Canadian Film Festival 2017: Our Review of ‘Modern Classic’

Canadian Film Festival 2017: Our Review of ‘Modern Classic’

Making a movie about making a movie inevitably brings added focus and attention to the story you’re telling: you’ve got to be good. Modern Classic is such a tale, but looks to overcome this extra burden by making a farce of movie producers and adding some foul language, and absurd, morbid humour. This story goes even deeper and more meta though, making a point about the Canadian film industry, with these wannabe storytellers based in Toronto and dealing with nuances and problems indigenous to the Great White North.

Jono and Dave have an art film that isn’t getting off the ground; it involves alcoholism, and the death of a pet: there are no car chases or robots. But they have each other, they have determination, and they also employ a bit of clever wit.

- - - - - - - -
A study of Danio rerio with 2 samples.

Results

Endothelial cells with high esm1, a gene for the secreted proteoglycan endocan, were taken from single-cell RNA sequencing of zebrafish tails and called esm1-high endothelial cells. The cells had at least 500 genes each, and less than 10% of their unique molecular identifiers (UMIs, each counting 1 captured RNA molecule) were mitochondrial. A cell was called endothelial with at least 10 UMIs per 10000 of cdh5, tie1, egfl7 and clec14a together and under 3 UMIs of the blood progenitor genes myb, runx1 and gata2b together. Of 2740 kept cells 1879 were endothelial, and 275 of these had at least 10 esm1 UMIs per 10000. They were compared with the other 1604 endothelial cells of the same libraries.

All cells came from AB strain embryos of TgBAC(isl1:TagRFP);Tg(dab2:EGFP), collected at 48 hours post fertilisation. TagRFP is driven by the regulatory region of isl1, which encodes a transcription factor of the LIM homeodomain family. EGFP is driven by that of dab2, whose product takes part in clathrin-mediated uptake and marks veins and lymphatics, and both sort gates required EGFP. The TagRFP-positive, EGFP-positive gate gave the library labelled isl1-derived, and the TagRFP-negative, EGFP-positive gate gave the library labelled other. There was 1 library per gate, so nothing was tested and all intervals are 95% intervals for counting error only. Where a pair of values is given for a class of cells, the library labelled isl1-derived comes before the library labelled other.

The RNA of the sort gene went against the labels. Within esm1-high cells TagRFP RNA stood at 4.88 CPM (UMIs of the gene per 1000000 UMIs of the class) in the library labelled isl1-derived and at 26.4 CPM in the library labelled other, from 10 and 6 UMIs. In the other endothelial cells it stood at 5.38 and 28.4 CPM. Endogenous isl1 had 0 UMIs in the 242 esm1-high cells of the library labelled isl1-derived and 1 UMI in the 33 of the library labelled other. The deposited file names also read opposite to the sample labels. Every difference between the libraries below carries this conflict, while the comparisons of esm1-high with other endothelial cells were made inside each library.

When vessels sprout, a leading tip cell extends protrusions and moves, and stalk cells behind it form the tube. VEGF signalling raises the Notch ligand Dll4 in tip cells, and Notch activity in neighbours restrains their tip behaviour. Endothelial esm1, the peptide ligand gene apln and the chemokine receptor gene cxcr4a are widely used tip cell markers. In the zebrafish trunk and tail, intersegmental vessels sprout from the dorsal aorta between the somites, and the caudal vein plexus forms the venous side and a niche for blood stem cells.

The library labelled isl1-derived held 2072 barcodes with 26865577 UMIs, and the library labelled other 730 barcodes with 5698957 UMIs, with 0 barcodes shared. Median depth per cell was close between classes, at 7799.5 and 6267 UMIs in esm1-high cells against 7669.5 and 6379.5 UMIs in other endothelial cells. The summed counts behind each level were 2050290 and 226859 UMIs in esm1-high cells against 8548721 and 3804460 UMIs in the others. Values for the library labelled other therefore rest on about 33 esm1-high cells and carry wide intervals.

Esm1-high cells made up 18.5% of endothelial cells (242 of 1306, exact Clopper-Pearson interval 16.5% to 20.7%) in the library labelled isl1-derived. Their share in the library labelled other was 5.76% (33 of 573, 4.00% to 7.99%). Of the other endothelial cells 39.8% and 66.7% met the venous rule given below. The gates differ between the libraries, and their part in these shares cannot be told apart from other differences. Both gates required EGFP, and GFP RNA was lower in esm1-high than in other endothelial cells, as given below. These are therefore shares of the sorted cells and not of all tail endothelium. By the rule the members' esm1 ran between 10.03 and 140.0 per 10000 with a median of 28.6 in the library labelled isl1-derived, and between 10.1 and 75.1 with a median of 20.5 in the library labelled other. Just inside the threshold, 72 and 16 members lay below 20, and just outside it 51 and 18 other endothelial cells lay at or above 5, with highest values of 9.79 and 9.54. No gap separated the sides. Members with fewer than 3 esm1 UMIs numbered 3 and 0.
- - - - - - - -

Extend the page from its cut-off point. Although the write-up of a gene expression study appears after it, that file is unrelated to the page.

Much of the dialogue is on point: hopeful filmmakers want to make a passion project, and efforts to raise money and tell their own special story butts heads against studios and purses that want something different. The former group talks about just making a pure film, while the latter group uses buzz words and speaks quickly. Both fulfill stereotypes off the bat, and those continue throughout. It’s the little guys versus the world.

Modern Classic avoids being too serious, though it certainly tests the relationships of the two partners. The quirks and darkness that is sprinkled throughout keep the film from being too involved in itself and this journey into the land of Canadian cinema.